DPFm stands for Distributed Playlist Frontmatter. It is a syntax for writing distributable (shareable) playlists in a human-legible manner. It is inspired by the XML based XSPF specification. It is meant to be easily and intuitively accessible for drafting and editing as a plaintext file and versatile enough to allow a scalable level of accuracy in resolving audio tracks between different audio libraries.
While primarily a free and open filetype, intended for compatibility and use across platforms, it will aslo be used in a pilot-program of the same name for proof-of-concept as well as for innovation beyond the modest scope of the filetype.
DPFm should ultimately tie in to a distributed social network which combines aspects of 8tracks, OpenBazaar, and Hatchet, utilizing IPFS for distributing playlists under a decentralized social network, and this would possibly be able to utilize a monetization scheme toward automating quality curation through the Ethereum network.
More fundamentally, the use of IPFS could be used to distribute these playlists while keeping them associated with their originator through the use of a static profile page, and to ensure wide distribution of the playlists for the sake of maximizing their availability, the network could use a recommendation system which automatically caches recommendations (the actual playlist file and perhaps the associated profile page) until either they fall down too low on a scale of relevance or until they are manually dismissed by the user.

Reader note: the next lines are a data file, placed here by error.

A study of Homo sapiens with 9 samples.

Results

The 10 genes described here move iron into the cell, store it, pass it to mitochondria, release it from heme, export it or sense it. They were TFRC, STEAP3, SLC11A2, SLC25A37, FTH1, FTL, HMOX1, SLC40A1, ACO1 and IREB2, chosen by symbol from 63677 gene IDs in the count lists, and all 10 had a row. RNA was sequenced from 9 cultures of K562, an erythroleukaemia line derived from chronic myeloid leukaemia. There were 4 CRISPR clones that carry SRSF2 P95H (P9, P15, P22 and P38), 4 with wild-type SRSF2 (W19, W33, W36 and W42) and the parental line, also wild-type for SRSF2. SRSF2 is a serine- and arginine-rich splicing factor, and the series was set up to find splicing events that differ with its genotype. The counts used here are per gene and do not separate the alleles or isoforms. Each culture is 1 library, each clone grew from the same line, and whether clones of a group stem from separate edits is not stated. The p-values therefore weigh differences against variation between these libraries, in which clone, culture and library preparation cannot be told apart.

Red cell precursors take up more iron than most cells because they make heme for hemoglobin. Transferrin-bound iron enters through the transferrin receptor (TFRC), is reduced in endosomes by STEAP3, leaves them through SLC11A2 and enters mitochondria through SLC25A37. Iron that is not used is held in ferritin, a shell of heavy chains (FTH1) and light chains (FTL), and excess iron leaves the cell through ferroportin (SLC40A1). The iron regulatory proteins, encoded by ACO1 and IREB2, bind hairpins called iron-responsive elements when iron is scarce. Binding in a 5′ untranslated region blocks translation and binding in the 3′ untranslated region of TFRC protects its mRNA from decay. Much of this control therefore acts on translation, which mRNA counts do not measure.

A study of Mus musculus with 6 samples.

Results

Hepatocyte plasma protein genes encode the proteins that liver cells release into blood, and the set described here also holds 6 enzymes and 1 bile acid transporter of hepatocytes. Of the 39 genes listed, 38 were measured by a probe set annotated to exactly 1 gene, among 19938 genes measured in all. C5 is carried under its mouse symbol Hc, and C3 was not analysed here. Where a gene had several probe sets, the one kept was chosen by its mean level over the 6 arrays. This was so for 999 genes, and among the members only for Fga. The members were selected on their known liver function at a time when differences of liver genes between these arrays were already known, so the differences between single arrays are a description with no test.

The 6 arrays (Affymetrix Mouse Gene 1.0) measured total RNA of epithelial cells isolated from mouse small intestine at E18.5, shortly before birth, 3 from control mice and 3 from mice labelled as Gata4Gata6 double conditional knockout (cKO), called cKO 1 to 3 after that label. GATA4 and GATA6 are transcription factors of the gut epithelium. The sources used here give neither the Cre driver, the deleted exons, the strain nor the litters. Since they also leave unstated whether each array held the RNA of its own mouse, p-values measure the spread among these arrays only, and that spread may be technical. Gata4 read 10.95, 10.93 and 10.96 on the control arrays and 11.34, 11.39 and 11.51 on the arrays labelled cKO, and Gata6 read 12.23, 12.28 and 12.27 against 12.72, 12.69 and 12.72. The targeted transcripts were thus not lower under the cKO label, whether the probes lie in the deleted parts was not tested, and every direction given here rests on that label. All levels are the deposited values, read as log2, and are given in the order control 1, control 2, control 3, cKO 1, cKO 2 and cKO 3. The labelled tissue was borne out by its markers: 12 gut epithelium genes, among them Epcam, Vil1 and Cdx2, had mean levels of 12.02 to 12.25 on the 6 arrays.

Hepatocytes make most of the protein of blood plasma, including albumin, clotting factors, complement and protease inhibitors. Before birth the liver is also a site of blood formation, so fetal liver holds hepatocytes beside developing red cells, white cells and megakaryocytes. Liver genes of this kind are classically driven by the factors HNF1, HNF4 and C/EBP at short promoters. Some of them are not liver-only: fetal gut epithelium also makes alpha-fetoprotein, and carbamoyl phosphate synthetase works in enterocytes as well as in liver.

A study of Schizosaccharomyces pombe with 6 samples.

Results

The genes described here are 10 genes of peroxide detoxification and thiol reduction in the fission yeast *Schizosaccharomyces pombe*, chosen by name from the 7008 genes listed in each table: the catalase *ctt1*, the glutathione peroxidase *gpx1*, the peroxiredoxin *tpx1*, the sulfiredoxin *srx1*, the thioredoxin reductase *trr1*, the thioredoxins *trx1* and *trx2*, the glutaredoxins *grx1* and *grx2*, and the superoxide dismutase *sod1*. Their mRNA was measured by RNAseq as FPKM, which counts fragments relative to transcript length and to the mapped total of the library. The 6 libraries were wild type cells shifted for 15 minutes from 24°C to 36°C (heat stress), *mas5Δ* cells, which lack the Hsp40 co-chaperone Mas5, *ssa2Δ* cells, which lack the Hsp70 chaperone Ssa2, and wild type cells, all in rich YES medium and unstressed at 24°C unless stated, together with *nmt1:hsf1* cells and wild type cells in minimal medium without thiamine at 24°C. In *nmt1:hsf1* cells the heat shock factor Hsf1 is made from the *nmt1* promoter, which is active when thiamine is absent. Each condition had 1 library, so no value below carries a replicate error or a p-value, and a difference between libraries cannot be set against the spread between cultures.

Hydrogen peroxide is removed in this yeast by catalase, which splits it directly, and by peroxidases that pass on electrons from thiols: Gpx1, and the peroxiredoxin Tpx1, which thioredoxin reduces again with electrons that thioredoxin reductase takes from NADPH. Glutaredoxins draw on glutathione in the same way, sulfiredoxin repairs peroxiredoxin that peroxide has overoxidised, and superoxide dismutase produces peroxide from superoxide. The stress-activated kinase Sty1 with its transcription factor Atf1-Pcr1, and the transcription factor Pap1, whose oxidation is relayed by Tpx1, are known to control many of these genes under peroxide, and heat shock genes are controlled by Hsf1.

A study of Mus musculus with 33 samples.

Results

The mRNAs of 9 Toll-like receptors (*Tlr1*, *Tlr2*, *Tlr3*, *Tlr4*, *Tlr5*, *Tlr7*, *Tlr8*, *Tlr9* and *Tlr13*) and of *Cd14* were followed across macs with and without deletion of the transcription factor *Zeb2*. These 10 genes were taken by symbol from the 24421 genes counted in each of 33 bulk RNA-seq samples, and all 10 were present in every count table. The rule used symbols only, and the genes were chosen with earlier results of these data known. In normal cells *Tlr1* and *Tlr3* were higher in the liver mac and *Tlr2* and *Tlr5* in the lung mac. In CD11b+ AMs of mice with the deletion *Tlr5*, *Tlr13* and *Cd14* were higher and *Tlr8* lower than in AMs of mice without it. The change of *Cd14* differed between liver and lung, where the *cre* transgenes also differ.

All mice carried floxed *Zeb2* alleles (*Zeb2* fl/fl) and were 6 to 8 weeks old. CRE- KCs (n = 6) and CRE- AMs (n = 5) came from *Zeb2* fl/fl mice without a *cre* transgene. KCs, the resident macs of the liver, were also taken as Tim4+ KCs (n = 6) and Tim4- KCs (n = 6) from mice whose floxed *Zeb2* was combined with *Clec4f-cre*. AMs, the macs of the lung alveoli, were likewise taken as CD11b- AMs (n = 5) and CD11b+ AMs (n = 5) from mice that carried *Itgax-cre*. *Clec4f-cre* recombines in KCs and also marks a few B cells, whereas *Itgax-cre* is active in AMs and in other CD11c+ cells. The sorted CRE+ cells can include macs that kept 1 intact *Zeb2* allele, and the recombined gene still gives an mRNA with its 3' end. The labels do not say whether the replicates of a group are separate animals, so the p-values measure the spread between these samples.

The user could also permanently contribute to hosting playlists by either liking or saving the playlist or by following a profile and thereby hosting that entire profile’s contents and submissions.
This system would not include any general purpose mediaplayer (a user would not explicitly be able to browse their music library) and would likely utilize the user’s own choice of mediaplayer to resolve tracks for playback. Instead, the standalone app would focus solely on playlist discovery and for browsing a playlist library. It should also have a means of syncing playlists with other media-players on a system or even in the cloud.
It should be readily apparent within the app whether the tracks are available and how accurately the tracks seem to match those specified in the playlist (leaving some leeway for errors in track IDs).
It might also be useful to allow for forking playlists and submitting pull requests to correct a track’s data or at least get feedback on the accuracy of the tracklisting. Playlists might also undergo slight tweaks through their lifetime, and through the use of IPFS, those changes could be tracked. In such a case, a person who had liked a previous version could see the change and determine whether they want to support the new version or the old version.
This might seem a bit complicated for something as simple as a playlist, but considering what playlists are often used for, the construction of one can make or break the mood around an activity very quickly.